The final rule provides criteria under which small businesses may join a MEP, either through a group or association or through a PEO.
The Department of Labor has released a final rule, “Definition of ‘Employer’ Under Section 3(5) of ERISA—Association Retirement Plans and Other Multiple-Employer Plans,” that the agency says will expand access to affordable quality retirement saving options by “clarifying the circumstances” under which an employer group or association, or a professional employer organization (PEO), may sponsor a multiple employer workplace retirement plan under Title I of ERISA.
Under the final rule, scheduled for publication in the Federal Register July 31, employer groups or associations and PEOs can, when satisfying certain criteria, be “employers” within the meaning of ERISA for purposes of establishing or maintaining an individual account “employee pension benefit plan.”
Why is being an “employer” important? As an “employer,” a group or association, as well as a PEO, can sponsor a defined contribution retirement plan for its members—commonly known as “multiple employer plans” or “MEPs.” Thus, different businesses may join a MEP, either through a group or association or through a PEO.
The final regulation also permits certain working owners without employees to participate in a MEP sponsored by an employer group or association.
Under the final rule, association retirement plans (ARPs) could be offered by associations of employers in a city, county, state, or a multi-state metropolitan area, or in a particular industry nationwide. Retirement plans could also be sponsored by PEOs.
By expressly permitting these new plan arrangements, the rule enables small businesses to offer benefit packages comparable to those offered by large employers. The DOL expects the plans to reduce administrative costs through economies of scale and to strengthen small businesses’ position when negotiating with financial institutions and other service providers.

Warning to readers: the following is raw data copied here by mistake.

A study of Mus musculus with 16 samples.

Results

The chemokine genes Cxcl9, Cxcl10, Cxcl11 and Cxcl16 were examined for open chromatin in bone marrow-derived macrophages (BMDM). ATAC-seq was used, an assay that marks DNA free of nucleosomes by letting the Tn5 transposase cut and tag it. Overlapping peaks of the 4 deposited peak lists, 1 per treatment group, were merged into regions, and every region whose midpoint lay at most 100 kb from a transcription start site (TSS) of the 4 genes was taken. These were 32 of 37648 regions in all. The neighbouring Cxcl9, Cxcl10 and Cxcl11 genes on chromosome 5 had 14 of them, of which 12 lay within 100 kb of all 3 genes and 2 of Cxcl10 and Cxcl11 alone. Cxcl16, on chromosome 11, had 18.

Who is impacted? The final rule primarily affects groups or associations of employers, PEOs, plan participants, and plan beneficiaries. Not surprisingly, it will not affect whether groups, associations, or PEOs assume joint-employment relationships with member-employers or client employers. But it may affect banks, insurance companies, securities broker-dealers, record keepers, and other commercial enterprises that provide retirement-plan products and services to ERISA plans and plan sponsors.
Expanding access. The DOL said that “expanding access to workplace retirement plans is critical to helping more American workers financially prepare to retire.” The department noted that about 38 million private-sector employees do not have access to a retirement plan through their employers. The Bureau of Labor Statistics found that 23 percent of all private-sector, full-time workers have no access to a workplace retirement plan—that percentage increases to 32 percent when part-time workers are included.
Small businesses are less likely (than large employers) to offer retirement benefits, the DOL explained. In 2018, about 85 percent of workers at private-sector establishments with 100 or more workers were offered a retirement plan. However, only 53 percent of workers at private-sector establishments with fewer than 100 workers had access to such plans. Access to an employment-based retirement plan is critical to the financial security of aging workers. Where workers do not have access to a workplace retirement plan, only about 13 percent regularly contribute to individual retirement accounts (IRAs).
The DOL also pointed out that cost and regulatory complexity discourage employers, especially small businesses, from offering workplace retirement plans for their employees. Establishing and maintaining a plan can be expensive for a small business.
The final rule is effective September 30, 2019.
“Less than a year ago, President Donald J. Trump signed an Executive Order focused on expanding quality, affordable workplace retirement plan options for America’s small businesses and their employees,” Acting Secretary of Labor Patrick Pizzella said in a statement. “Many small businesses would like to offer retirement benefits to their employees, but are discouraged by the cost and complexity of running their own plans. Association Retirement Plans offer valuable retirement security to small businesses’ employees through their retirement years.”